Loy Norrix annual blood drive: students save lives



Every two seconds someone needs a blood transfusion.  Since blood cannot be manufactured, the only way to collect blood is from volunteer donors.  With less than 38% of the population eligible to donate blood, it is very important that people step up and give.  One pint of blood can save up to three lives, according to the Red Cross.

On Friday March 11, students as well as people in the community came to the back gym of Loy Norrix for the annual Blood Drive run by the Loy Norrix National Honor Society (NHS) in partnership with the Red Cross.  Excitement, nervousness and sadness filled the gym.  Many students were first time donors and waited anxiously as they watched “Toy Story 3” while waiting for their turn to give blood.  Others looked forward to saving lives while some had to face their emotions after being told that they could not give blood.

“It was crappy that I couldn’t give blood, and it kind of made me feel like I failed because it’s such a simple thing to do.  I felt like I missed out on a chance to make a difference,” said junior Samantha Brown.

Giving blood is one thing Brown would like to accomplish in her lifetime, which made it difficult for her when she was not able to donate blood.  However, Brown plans on trying again to donate next year in hopes of checking it off of her list.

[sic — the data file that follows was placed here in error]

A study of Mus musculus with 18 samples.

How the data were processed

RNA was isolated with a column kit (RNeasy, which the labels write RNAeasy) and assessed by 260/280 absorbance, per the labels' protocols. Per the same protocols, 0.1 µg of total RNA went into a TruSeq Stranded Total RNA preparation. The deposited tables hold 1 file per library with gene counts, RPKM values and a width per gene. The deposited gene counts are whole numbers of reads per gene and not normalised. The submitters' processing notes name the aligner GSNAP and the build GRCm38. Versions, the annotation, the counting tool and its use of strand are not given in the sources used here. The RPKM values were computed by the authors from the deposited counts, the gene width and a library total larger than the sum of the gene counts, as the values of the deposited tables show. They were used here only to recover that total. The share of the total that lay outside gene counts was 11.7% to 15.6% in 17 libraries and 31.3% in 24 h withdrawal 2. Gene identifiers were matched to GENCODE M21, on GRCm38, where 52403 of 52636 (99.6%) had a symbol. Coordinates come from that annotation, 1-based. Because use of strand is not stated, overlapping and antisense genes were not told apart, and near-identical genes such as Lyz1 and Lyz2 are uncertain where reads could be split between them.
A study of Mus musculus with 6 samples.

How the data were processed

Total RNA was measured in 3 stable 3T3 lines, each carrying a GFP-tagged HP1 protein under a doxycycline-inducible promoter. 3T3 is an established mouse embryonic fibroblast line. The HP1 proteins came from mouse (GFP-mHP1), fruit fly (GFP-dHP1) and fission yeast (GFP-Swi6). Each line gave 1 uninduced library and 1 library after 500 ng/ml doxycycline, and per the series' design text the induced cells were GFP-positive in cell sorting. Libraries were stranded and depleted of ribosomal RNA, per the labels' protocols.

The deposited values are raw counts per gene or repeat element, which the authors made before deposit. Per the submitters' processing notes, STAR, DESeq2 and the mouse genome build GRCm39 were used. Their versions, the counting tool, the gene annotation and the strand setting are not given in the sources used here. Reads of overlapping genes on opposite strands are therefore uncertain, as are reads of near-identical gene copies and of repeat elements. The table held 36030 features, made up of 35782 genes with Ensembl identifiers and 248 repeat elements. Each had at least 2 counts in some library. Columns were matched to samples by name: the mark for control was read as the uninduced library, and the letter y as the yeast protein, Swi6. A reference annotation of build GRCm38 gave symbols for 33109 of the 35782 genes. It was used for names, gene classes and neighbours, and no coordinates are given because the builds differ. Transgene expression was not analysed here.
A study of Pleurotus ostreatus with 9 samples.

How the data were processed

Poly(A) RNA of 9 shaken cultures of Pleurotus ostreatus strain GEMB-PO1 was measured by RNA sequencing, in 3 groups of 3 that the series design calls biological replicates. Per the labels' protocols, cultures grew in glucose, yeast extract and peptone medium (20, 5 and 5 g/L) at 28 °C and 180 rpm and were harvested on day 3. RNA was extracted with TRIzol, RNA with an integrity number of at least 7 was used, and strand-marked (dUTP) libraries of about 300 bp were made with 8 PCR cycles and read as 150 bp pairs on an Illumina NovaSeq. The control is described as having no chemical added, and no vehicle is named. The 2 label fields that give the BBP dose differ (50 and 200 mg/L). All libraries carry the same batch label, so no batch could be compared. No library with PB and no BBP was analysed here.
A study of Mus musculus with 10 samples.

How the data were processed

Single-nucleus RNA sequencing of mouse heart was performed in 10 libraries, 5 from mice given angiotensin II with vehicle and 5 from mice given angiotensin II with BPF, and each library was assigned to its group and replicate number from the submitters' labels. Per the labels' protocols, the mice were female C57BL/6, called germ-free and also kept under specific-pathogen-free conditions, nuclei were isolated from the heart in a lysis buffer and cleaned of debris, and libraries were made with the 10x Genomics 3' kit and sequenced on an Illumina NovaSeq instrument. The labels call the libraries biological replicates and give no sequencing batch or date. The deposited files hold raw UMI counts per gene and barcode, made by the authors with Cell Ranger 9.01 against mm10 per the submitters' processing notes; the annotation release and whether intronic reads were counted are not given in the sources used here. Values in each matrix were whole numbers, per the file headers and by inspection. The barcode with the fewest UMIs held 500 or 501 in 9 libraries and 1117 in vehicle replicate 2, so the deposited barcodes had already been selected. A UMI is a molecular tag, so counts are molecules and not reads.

Junior Brenden Groggel gave blood for the first time.  Even though he hates needles, Groggel was able to overcome his fear and donated a pint of blood.

“[The best part of donating was] the satisfaction of knowing I’m helping others,” said Groggel

As for next year, Groggel plans on donating again.

“I would encourage other people to donate because it’s really not that bad, and it’s for a good cause,” said Groggel.

Matt Porco, the advisor of NHS, views the blood drive as the biggest event for the National Honor Society.  Everyone in NHS has a role during the blood drive.  Some members are part of the publicity committee, which spreads the word about the blood drive and encourages people to donate.  Other members are part of the entertainment committee, which performs a skit during the blood drive assembly in order to inform students about the blood drive.  This year they performed “Teach Me How to Donate” (http://www.youtube.com/watch?v=t1q_6Mb-sHc).  At the assembly, students sign up for times to donate blood and the scheduling committee organizes all of the times.  The canteen committee provides food for donators to eat after they give blood.

“It is a really good opportunity for Loy Norrix to gain positive recognition in the community.  Loy Norrix is one of the biggest one-day drives in the area, and the blood drive allows a national organization to see what Norrix is all about,” said Porco.

The Loy Norrix NHS has hosted the blood drive for over 30 years.  With help from the Red Cross, volunteers donated a total of 84 pints of blood.  This selfless act, which only takes around ten minutes per person, could save up to 252 people.